It’s that time of year when family and shopaholic friends feel obliged to ask, “Before I get you another cartoon animal potholder, or bag of fruitcake flavored jelly-beans, what do you really want for the holidays?” Usually I say, “You don’t have to get me anything.” Of course this is fairly disingenuous, because they know I’m going to get them something, and if they don’t have a gift picked out for me they’ll feel cheap and sleazy.
Come to think of it, maybe that’s what I really want. When I ask for nothing, what I’m really saying is, “I want to feel as though the present I’m giving you is better than the one you gave me. That’s the only thing that will truly make me happy.” By this logic, if I really cared about my family and friends I would get them something even chintzier than I usually do, so that no matter what they got me, they would win the battle of the gift exchange. However, that opportunity will have to wait until next year, because I’ve already bulk purchased boxed sets of Holiday Head to Toe Care (including glitter styling gel, toilette water, and egg nog scented athletes’ foot powder).
The truth is, I do want something from my fellow gift-exchangers: I want them to love and appreciate me as much as I love and appreciate them. But after almost fifty years of accumulating, categorizing, and storing stuff in every spare closet, drawer and attic crawl space, I’d prefer that whatever they get me doesn’t require wrapping paper, styrofoam peanuts, polyethylene packaging, or detailed assembly instructions.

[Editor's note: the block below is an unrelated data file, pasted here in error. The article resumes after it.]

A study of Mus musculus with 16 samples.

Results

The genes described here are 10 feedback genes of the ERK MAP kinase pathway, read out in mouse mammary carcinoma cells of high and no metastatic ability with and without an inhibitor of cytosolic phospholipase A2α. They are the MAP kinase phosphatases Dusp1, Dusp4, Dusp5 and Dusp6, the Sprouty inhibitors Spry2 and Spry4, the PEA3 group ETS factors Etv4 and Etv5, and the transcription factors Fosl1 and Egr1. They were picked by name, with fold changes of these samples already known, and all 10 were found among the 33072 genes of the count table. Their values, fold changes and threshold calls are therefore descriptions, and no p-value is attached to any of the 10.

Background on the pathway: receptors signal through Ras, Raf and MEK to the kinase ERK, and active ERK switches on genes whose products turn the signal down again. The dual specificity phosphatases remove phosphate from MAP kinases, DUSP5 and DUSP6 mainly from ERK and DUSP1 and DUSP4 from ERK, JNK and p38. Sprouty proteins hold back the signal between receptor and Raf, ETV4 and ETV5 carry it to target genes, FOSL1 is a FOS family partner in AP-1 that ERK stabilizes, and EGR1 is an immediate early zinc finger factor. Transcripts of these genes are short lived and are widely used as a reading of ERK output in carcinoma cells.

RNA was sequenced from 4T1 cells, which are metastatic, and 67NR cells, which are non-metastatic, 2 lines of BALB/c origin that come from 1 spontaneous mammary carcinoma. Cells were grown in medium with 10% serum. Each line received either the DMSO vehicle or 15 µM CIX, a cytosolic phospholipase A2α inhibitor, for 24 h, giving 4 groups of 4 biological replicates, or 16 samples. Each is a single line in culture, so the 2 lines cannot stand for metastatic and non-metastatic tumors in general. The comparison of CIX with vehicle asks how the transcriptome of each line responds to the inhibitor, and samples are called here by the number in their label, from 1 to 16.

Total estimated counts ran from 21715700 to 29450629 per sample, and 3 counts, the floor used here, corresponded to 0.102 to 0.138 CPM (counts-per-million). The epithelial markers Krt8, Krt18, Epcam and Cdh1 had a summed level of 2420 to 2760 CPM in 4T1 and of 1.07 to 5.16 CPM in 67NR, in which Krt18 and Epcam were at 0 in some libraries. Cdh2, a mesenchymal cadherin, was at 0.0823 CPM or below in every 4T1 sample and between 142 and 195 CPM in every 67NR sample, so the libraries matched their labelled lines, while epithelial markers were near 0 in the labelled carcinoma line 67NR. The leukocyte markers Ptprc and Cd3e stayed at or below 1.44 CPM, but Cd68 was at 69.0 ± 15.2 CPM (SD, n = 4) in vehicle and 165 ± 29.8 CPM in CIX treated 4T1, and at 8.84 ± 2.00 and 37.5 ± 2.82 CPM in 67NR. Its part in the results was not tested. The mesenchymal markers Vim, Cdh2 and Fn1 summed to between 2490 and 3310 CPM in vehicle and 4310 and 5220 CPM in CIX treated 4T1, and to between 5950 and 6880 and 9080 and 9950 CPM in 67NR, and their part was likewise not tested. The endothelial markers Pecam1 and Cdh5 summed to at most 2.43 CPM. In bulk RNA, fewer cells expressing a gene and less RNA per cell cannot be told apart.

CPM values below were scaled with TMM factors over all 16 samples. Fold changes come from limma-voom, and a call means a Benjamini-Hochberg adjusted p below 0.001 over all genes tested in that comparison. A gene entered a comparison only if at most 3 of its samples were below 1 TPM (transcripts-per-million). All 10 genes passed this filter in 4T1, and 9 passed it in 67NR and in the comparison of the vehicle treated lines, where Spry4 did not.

So, people, here’s what I really want: I want my kids to take out the garbage without being asked. I want the neighbor’s yapping dog to finally get his dinner and shut up for the night. I’m feeling lucky; I want to do a Google search and find what I’m looking for at the top of the list.
I want peace and quiet. I want my kids to stop leaving rap music in my car CD player to blast out at me every time I start the car in the morning. I want the cell phones of all the cell phoneys to self-destruct when I’m trying to have a nice restaurant lunch. I want all the TVs tuned to Sally Jesse Raphael, or CNN, or anything that some mid-level corporate manager has picked to create the perfect ambiance for waiting rooms, to short-circuit so I can concentrate on my book, or my own thoughts.
As an artist, I want my painting to hang in the museum next to the Van Gogh, instead of in the basement next to the clothes dryer. I want fruit without those miserable little stickers, and CDs that you can open without help from a magician. I want to stop wasting time standing in line, sitting online, or untangling fishing line.
I want people to replace the empty toilet paper roll before I sit down, so I’m not forced to tear off pieces of columnists from the newspaper that I don’t agree with.
And what was it that the Founding Fathers used to snort? A good sneeze is a great thing. It completely clears your head and leaves a vacant space that all sorts of new thoughts and ideas can move into. I want to know. I want to know secrets, so I can tell them to all the other people who want to know secrets. I want to know answers. I’d even settle for knowing a few of the right questions.
I want to be the star of the show. I want to sign autographs and get the red carpet treatment and the opportunity to thank my Mom on an internationally broadcast awards ceremony. But what I really want to do is direct.
I want a good haircut. I want good hair. Hell, at this point in my life, any kind of hair at all would be wonderful.
I want everyone to acknowledge that I could have become a very successful psychiatrist, because I understand how to deal with crazy people, and I know lots of them.
There are already popular sports that involve watching people driving in circles, and running in circles. I want someone to create a sport that would be perfectly suited to my talent for pacing back and forth worrying. Then I’d like to sign a multi-year guaranteed contract along with a shoe or carpeting endorsement deal.
Finally, I want a good night’s sleep, where the phone doesn’t ring, the kids don’t scream, the garbage truck doesn’t come, and I can soar like a bird, and snore to my heart’s content.